Separation of Church and State!
Thoughts behind the effort to ban churches from participating in the national conversation
I’ve been listening to a lot of interesting theories on how this church or that church should lose its tax exempt status over its involvement in the moral issues of politics. “Separation of church and state!” the religious opponents scream, but is the problem the churches running the government or the government running the churches?
The prevailing argument seems to say that there ought to be separation between church and state, so that means anyone who belongs to a church can’t speak or assemble, or have a public opinion on how government operates or the government will punish them by taking away their tax exempt status.
Even as we gather to celebrate the flight of pilgrims to America from the oppressive religious persecution of England, religious oppression is again raising it’s head in our recent political dialogue. In the name of freedom, advocates of same sex marriage are threatening to oppress the religious community with monetary retribution as retaliation for expressing opinions the gay community does not agree with, and that’s not right.
As Glen Dean says in his recent post on religious freedom,
“The whole purpose of the first amendment establishment clause was to protect religion and religious people from government.”
Fundamentally the United States is a country that was built on freedoms, and freedom of speech and religion are among the foremost of these. Pilgrims coming to the Americas wanted, above all, to be free to express their religious thoughts without being forced to conform to another set of values, political or otherwise. England’s government required religious conformity because they had a state sanctioned church governing what could and couldn’t be said or done. That is the origin of the thought that there ought to be “separation of church and state.” No one ought to try to control religious freedoms by coercion or manipulation.
I look at the politically correct movement that uses tax dollars as a form of coercion to muffle dissent and control actions, and I see a situation mirror opposite to that of America’s forefathers, but with the same result—-censorship.
Today we have a situation where instead of having a church controlling the government, we have the government trying to control churches through tax law, and those who oppose churches are using the government as a tool to silence their opponents and to ultimately stifle dissent.
Whether it’s taxing churches and controlling them through tax code manipulation if they don’t conform, or whether churches are tax exempt and controlled by threatening to take the exemption away if they don’t conform, the result is the same. It’s two ends of the same stick. The only true freedom is the recognition that churches have freedom from government control that is inherent, not granted by the government. If the freedom to speak is granted by the government, it can be taken away by the government. Churches can and ought to say what they want as fellow voices in the national dialogue, and that speech should be free from recrimination or tax penalties for speaking on themes unpopular to others.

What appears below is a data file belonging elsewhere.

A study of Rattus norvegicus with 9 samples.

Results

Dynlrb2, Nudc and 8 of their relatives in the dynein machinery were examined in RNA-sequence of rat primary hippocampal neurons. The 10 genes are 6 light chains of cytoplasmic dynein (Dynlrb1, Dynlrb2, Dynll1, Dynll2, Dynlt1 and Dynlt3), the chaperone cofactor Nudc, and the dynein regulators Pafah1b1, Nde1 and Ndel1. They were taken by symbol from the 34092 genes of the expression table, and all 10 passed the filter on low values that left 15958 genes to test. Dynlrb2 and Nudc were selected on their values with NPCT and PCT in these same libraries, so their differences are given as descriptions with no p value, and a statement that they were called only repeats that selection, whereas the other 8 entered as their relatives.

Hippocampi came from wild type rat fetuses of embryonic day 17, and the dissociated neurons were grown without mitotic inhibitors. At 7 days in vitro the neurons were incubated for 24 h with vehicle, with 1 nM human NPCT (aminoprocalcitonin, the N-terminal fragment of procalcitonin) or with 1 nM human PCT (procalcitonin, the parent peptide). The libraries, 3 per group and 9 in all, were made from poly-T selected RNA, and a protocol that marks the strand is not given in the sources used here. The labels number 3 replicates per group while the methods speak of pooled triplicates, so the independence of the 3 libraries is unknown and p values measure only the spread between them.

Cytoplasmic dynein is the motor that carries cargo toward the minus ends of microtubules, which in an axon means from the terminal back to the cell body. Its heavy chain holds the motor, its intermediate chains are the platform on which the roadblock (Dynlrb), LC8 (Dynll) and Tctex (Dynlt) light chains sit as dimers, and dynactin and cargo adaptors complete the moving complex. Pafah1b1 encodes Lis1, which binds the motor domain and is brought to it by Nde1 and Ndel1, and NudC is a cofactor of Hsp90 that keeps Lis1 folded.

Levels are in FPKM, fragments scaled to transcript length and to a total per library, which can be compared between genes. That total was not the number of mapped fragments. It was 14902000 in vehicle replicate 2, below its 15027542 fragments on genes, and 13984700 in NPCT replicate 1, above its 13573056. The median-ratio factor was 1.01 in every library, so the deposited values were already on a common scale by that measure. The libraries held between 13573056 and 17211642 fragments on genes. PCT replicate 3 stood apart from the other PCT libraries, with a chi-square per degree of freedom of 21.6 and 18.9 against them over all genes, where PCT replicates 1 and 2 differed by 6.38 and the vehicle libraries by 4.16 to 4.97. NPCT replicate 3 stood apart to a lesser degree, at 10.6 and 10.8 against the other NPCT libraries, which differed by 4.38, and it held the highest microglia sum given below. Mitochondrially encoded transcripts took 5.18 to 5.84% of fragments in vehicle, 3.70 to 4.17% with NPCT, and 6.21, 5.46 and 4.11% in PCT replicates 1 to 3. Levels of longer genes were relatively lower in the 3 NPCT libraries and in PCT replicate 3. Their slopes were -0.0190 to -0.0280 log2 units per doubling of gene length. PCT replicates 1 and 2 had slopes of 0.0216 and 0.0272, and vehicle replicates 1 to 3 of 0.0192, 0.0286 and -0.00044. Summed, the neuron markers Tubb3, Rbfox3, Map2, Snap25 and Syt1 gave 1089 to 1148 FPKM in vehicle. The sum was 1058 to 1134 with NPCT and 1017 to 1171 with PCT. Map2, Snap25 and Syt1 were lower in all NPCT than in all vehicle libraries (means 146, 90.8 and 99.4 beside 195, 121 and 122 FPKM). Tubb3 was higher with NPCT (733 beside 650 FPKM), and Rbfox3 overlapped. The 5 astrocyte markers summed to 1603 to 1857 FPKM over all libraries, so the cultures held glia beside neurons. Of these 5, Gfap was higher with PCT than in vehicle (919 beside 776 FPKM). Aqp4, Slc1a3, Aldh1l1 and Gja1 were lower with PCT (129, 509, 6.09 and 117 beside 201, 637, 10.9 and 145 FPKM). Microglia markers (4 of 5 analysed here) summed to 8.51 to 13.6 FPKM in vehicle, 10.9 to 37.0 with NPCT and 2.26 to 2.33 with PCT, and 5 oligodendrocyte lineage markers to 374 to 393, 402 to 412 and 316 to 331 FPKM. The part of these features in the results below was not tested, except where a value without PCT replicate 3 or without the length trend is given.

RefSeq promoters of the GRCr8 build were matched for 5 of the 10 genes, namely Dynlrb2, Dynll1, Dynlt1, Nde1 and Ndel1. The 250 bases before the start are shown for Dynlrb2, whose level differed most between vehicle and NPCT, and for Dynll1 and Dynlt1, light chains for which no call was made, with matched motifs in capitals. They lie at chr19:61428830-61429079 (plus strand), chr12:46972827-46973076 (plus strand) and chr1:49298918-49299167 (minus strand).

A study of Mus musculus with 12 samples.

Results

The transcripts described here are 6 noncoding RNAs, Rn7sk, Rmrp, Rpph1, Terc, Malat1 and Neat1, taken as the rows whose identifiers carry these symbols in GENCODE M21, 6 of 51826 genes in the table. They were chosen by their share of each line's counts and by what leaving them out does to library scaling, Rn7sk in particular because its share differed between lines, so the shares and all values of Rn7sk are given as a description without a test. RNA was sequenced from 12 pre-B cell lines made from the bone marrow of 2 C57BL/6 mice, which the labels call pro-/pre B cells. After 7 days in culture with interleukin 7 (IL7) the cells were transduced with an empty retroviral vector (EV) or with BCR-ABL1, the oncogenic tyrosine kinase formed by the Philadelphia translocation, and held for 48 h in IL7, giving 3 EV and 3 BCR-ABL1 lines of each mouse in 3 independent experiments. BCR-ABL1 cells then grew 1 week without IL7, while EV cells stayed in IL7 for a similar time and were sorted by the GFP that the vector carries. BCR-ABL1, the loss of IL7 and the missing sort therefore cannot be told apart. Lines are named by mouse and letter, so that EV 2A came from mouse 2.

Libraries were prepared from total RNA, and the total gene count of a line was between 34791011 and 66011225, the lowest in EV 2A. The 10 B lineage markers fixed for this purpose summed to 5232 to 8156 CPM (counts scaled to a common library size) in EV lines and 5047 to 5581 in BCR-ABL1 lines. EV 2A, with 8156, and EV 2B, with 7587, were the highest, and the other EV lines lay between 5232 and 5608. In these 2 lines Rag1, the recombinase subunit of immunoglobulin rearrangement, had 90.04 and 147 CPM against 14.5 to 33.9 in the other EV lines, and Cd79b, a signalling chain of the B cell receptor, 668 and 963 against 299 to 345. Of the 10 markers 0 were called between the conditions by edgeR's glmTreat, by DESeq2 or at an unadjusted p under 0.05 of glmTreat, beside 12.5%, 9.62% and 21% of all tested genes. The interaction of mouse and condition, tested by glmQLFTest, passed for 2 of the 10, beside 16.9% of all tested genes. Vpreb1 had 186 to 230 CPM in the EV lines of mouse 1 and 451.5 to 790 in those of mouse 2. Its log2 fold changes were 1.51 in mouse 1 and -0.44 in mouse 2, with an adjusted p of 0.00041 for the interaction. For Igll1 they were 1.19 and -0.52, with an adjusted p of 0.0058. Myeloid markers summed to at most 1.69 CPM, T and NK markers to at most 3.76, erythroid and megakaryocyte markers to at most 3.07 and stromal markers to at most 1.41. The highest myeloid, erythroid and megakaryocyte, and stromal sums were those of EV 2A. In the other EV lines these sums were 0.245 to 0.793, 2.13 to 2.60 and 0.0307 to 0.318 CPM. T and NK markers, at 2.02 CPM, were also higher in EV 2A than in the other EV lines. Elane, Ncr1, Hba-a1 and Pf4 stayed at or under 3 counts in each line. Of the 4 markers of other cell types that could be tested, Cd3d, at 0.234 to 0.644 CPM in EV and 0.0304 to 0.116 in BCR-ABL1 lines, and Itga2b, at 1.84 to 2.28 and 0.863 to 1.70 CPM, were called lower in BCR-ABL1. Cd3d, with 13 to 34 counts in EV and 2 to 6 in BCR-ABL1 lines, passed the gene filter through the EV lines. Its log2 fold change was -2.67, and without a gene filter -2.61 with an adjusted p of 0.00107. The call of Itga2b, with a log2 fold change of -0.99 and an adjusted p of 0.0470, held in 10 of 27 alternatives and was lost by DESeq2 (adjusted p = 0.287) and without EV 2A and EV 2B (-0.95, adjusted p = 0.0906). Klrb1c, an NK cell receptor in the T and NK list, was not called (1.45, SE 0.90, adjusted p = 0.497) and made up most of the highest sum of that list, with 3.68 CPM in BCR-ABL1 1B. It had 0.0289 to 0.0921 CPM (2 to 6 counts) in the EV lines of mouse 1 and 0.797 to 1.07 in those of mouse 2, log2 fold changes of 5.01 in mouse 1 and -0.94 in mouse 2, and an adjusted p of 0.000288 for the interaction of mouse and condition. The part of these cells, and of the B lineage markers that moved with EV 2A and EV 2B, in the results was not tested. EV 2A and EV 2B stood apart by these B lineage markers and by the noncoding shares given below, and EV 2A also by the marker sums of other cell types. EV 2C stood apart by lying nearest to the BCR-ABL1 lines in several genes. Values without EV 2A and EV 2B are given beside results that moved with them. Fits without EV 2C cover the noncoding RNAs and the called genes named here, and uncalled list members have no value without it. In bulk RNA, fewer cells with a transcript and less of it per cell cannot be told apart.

Those who think churches should be muzzled don’t have a constitutional leg to stand on. Tax exemption has been the hidden boogey man that has kept church opinions in a box for years. Oohoo, you’d better not say this! You’d better not do that! You might get the IRS after you!
Freedom of assembly, sometimes used interchangeably with the freedom of association, is the individual right to come together with other individuals and collectively express, promote, pursue and defend common interests. The right to freedom of association is recognised as human right, political freedom and a civil liberty.
In short, these freedoms are a human right, not a privilege benevolently bestowed by the government that can then be unilaterally whisked away. So why does the Government think that it has any right to curtail the ability of people to assemble in churches to voice their opinions? What about Freedom of Speech?
Noam Chomsky said: “If you believe in freedom of speech, you believe in freedom of speech for views you don’t like. Goebbels was in favour of freedom of speech for views he liked. So was Stalin. If you’re in favour of freedom of speech, that means you’re in favour of freedom of speech precisely for views you despise.”
The whole argument for trying to tax churches boils down to the false idea that this tax exemption is a subsidy of churches by the government. They don’t pay taxes because churches are good for society, so the government subsidizes them and encourages them to flourish. If church tax exemption is a subsidy given by the government, then it can be taken away by the government.
Unfortunately, that thought goes against the much ballyhooed “Separation of Church and State!” that everyone says they care so much about. The truth is that to be truly separate, the government should get out of the church’s way and quit trying to threaten them with boogeyman threats for conformity, in this case silence in the moral/political realm, or we’ll be losing more than just “tax status”, we’ll be losing the very freedom our country was founded to achieve.